Melinda Gale

Fitness & Lifestyle


It never fails. When the holiday season approaches, everyone is a massive ball of stress and anxiety. As someone who already struggles with anxiety and has since elementary school, this time of year can feel like a never ending nightmare. 

If you have problems with anxiety, you know what I am talking about. You get all the usual symptoms x 10. The high heart rate, being hyper aware of your surroundings, feeling like your skin is going to crawl right off of you, not being able to escape an invisible box that surrounds you with its walls closing in, the list goes on. All caused due to the stress of buying presents, a packed schedule, or hosting the perfect party. 

When you struggle with anxiety, it's so easy to feel like you are completely alone. I think one of the key things I tell myself when I am experiencing heightened anxiety is that the feelings will pass and I am not the only person who is going through this. When I was younger, I always felt ashamed, like something was wrong with me and everyone knew it. As I got older, I learned that many of my friends had anxiety. (It's estimated that 40 million adults struggle with anxiety disorders.) Hell, I think I realized that what I was experiencing actually WAS anxiety and not just me because "crazy". At one point, things got so bad that I broke out in hives for weeks. That was when my doctor, my parents, and I all decided I should try anti-anxiety medication.

While the meds helped me cope, they also made me a zombie. At this point, I decided to figure out ways to deal without meds. First and foremost, I had to think about what my triggers were. For me, pin-pointing these things helped me give them less power, thus lowering my chances of an anxious blackout rage. When you figure out these triggers, you can come up with easy solutions to each one. Want to blackout rage when you hear someone eating loudly? Tell yourself it wont last forever, focus on another noise going on, count your breaths, or throw in some headphones and crank the music.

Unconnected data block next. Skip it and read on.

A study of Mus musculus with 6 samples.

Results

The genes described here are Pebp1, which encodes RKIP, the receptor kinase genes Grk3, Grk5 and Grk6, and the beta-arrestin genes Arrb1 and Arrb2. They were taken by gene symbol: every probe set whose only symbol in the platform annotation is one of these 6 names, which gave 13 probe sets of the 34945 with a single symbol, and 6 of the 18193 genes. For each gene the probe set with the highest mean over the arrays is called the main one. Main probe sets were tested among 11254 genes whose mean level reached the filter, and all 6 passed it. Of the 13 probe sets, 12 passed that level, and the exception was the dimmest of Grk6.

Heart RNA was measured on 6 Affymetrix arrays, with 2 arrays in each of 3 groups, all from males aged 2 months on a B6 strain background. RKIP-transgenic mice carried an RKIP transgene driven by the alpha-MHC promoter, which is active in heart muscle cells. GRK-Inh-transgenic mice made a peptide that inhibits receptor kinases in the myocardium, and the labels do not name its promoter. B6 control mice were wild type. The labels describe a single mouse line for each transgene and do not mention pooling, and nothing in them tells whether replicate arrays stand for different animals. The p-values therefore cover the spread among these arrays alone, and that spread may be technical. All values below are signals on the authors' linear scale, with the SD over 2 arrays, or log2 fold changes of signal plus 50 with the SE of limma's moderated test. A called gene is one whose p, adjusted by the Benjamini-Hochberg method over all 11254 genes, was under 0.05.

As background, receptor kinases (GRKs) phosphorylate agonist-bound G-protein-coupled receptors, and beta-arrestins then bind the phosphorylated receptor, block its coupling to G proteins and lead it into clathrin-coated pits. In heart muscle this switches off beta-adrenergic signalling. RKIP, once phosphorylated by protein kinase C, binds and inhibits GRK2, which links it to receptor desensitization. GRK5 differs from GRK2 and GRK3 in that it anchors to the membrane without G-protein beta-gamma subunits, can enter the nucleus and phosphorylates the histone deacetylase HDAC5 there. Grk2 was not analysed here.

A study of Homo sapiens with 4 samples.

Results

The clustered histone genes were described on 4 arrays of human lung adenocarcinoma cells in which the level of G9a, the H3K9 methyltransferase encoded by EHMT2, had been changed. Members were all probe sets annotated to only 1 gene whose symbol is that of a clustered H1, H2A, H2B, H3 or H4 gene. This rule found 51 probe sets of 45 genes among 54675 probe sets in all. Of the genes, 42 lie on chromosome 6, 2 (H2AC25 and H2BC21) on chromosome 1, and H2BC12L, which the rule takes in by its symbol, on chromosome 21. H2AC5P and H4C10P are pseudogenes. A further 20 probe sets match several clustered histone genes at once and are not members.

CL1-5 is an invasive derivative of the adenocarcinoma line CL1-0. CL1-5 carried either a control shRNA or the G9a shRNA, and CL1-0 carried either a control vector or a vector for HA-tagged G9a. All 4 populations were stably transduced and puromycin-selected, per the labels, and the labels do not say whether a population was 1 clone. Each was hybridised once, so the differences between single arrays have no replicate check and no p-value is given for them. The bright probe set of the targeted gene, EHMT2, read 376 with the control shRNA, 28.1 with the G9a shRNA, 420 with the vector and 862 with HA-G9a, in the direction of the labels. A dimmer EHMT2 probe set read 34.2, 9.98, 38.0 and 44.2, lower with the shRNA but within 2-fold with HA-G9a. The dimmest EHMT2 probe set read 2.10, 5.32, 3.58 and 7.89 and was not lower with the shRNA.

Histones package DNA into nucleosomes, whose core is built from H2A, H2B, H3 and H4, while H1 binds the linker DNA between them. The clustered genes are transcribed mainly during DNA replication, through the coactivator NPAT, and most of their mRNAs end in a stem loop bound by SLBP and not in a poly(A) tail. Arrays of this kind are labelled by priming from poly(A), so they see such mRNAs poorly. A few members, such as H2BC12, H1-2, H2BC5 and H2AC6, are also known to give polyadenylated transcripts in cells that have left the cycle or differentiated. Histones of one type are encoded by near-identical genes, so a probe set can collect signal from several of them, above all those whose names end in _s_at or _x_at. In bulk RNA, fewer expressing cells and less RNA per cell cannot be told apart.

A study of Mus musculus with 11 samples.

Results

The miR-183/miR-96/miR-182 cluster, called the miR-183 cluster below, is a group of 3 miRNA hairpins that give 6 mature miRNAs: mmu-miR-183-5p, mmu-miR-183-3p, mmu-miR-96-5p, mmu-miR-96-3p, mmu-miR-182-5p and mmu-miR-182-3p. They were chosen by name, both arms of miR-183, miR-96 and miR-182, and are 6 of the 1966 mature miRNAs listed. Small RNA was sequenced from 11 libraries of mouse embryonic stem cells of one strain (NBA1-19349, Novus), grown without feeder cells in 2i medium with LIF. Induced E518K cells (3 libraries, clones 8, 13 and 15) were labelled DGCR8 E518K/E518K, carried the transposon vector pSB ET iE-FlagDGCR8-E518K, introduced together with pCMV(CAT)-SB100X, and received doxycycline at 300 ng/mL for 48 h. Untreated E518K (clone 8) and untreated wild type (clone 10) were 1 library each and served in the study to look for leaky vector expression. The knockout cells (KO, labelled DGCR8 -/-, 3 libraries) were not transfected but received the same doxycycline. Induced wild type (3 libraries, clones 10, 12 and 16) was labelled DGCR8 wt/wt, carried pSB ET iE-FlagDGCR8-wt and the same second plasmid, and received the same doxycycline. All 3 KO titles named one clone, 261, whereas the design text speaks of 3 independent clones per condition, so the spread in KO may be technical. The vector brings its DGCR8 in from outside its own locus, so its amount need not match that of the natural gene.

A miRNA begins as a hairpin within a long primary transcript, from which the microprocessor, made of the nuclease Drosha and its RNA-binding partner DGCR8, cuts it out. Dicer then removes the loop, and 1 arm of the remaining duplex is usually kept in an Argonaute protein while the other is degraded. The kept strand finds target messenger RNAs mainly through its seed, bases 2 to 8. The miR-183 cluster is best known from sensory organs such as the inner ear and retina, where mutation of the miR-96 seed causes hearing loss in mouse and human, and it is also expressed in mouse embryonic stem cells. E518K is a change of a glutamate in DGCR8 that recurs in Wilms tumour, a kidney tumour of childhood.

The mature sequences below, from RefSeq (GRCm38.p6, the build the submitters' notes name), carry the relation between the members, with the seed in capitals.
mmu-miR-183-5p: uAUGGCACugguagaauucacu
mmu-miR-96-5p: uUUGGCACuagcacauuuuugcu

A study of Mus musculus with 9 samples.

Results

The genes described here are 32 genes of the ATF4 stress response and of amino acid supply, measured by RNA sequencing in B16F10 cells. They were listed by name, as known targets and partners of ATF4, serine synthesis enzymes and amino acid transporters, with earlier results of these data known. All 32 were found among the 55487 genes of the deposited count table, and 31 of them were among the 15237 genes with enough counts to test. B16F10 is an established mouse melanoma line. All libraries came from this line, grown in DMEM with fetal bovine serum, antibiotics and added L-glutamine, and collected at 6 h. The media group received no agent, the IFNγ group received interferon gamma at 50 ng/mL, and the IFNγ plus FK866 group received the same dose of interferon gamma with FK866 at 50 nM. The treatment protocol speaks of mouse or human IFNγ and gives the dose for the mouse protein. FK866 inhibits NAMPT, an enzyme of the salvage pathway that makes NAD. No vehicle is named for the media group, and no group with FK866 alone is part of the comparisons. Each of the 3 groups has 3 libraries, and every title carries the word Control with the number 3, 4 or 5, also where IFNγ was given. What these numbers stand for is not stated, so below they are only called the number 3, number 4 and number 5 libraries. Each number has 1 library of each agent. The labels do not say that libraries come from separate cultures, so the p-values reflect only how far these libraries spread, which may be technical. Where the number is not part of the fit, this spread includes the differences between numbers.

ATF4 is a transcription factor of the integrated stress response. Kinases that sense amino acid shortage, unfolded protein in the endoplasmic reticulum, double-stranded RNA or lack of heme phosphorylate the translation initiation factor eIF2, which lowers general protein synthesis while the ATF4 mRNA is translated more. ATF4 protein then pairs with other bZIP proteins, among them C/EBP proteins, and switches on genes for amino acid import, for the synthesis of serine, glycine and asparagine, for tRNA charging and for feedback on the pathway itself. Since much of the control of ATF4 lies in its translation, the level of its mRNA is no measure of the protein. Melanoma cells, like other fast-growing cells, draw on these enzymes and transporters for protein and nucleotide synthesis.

Next, I researched ways that others combat anxiety. One large solution is working out. Once I set a schedule for myself (which also helped my anxiety), I made sure to include going to the gym every morning before work. After a few weeks, I found that if I skipped a workout, my anxiety levels were higher at work than they were on days that I worked out. A few other things that helped me were cutting back on caffeine/alcohol, making sure to get enough sleep, counting my breaths when I start to feel anxious, journaling, and even forcing myself away from my desk to take a walk around the block. Many people say that meditation helps them and while I've tried it a handful of times, it's not something my busy mind can allow myself to do yet but I do suggest everyone at least try!

Today, I am not completely free of anxiety (or even depression) but I have a better handle on things. Some days are harder than others. I am not going to tell you there haven't been plenty of nights spent sobbing uncontrollably on my closet floor in LA, hunching in fetal position, feeling like I was completely alone in the world and that these feelings would never end. Or even days where I was crawling out of my skin so bad in traffic that I wished someone would slam their car into mine to make it all stop. Even though I miss it every day, leaving Los Angeles helped my anxiety and depression immensely. However, moving to Raleigh brought on it's own set of challenges. Regardless, I know things will get easier and that these feelings will pass. 

So... in summary -- you are not alone. Your feelings of anxiety or depression are not because you are crazy. It's a natural thing that happens and there are ways to cope. There is nothing to be ashamed of. If you are one of those lucky few who have the best life ever and never experience anxiety or depression, try to be cognizant of your friends who do suffer from these things. Reach out to them. Let them vent. Go on a walk with them. Give them a hug. We are all in this together.